Wang now prefers to travel by train: he has learned firsthand that you never know who's flying your plane. (Then again, he has heard of a rival printer who has been producing bogus train-engineer diplomas.) But Wang figures it's better to be in a train accident than a plane crash—though it may not make much of a difference, considering how many doctors in China are practicing thanks to fake accreditation certificates from printing shops like Wang's.
In China, practically every step in life requires documentation, preferably in triplicate, which is unsurprising in the land that invented both paper and the world's first bureaucracy. Now that obsession has become a market: ingenious entrepreneurs are turning China's reverence for official scraps of paper into a bustling counterfeit business. The document trade is busiest in the cities, where millions of migrants need laminated proof to help achieve their outsized aspirations. After stepping off the train, the first thing most newcomers pick up is a phony ID that enables them to safely reside in boomtowns like Shanghai and Shenzhen. Once they have an ersatz residence card, they then count on people like Wang and his crew of seven forgers for an array of fake diplomas and job certificates.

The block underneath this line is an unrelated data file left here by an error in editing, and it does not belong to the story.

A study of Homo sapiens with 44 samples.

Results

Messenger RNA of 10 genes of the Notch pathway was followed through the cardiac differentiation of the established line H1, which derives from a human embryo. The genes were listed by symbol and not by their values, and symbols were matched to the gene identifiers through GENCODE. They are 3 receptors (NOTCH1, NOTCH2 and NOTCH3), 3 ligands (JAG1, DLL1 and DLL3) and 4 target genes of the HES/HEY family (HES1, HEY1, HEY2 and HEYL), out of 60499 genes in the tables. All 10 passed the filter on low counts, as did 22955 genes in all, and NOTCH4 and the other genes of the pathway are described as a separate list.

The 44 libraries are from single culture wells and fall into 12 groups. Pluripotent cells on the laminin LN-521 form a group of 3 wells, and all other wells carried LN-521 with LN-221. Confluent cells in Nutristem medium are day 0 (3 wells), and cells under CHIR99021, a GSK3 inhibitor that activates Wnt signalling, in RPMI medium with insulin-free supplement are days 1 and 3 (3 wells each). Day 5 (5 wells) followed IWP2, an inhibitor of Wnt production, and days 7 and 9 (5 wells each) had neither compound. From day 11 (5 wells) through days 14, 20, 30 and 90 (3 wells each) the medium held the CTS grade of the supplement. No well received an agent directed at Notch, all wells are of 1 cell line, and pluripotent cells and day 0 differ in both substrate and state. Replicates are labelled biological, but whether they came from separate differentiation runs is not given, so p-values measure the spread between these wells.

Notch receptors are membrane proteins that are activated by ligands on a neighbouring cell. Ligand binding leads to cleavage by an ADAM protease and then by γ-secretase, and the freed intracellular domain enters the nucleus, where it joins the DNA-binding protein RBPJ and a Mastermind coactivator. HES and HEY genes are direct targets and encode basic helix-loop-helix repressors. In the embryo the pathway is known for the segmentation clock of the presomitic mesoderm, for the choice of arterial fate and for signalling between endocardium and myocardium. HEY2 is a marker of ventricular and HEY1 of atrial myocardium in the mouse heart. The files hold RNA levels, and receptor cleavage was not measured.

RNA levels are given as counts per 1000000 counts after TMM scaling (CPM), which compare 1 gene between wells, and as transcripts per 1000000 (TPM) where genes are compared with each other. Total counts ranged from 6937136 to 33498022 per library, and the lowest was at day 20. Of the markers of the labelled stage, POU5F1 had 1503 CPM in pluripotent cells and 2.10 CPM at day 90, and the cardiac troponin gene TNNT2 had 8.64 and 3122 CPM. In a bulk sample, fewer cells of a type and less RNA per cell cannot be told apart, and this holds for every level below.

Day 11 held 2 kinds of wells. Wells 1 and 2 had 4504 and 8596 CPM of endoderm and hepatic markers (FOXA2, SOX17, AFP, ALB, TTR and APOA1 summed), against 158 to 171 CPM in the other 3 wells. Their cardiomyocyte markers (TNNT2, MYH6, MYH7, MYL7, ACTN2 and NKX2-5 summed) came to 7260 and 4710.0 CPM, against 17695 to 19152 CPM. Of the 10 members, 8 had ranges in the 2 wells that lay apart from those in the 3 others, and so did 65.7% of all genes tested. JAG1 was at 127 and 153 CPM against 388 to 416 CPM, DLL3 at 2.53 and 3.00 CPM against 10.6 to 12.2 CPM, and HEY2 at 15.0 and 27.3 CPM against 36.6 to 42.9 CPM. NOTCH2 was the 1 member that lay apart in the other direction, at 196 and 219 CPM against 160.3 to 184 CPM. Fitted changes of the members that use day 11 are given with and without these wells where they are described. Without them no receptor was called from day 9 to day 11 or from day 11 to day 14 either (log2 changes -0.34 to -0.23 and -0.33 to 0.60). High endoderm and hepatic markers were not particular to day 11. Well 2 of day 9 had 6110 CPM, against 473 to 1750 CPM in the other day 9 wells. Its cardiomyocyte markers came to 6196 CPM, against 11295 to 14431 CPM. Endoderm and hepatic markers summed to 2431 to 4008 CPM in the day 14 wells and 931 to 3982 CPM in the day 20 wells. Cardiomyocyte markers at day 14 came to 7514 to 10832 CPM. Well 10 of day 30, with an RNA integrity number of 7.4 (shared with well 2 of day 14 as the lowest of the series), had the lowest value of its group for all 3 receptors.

At the Shenzhen branch of the Southeast Asia Certificate Co., Liu Xingyun offers a panoply of marriage certificates, drivers' licenses and even a document certifying that the bearer has had her fallopian tubes snipped. The most popular pieces of paper are college diplomas. Last year, census-takers found 600,000 people nationwide who said they had used spurious university degrees. "No one has time to go to school anymore," says a 21-year-old impatiently waiting for a steel engraving machine to roll out an accounting degree from Peking University. "I know I'm good at math, so I might as well go out and just do it."
Such tactics don't play well with Beijing's bureaucrats, who spent plenty of time and money earning genuine degrees. The Education Ministry hopes to set up a national computer database by the end of this year that will help prospective employers determine whether the university degrees of potential hires are authentic. Beijing's latest antipiracy crackdown is targeting manufacturers of fake certificates. A raid this year in Shanghai's Qingpu district netted 1,000 fake drivers' licenses, 1,050 fraudulent diplomas and a cache of forged car and motorcycle plates. Children, too, are in on the game. In the northeastern city of Changchun, vendors loiter near school grounds, enticing students who want to please parents with proof of academic success. A fake class-monitor certificate, which normally goes to an obedient teacher's pet, sells for just 12. That's lunch money, even in China—and it sure beats studying.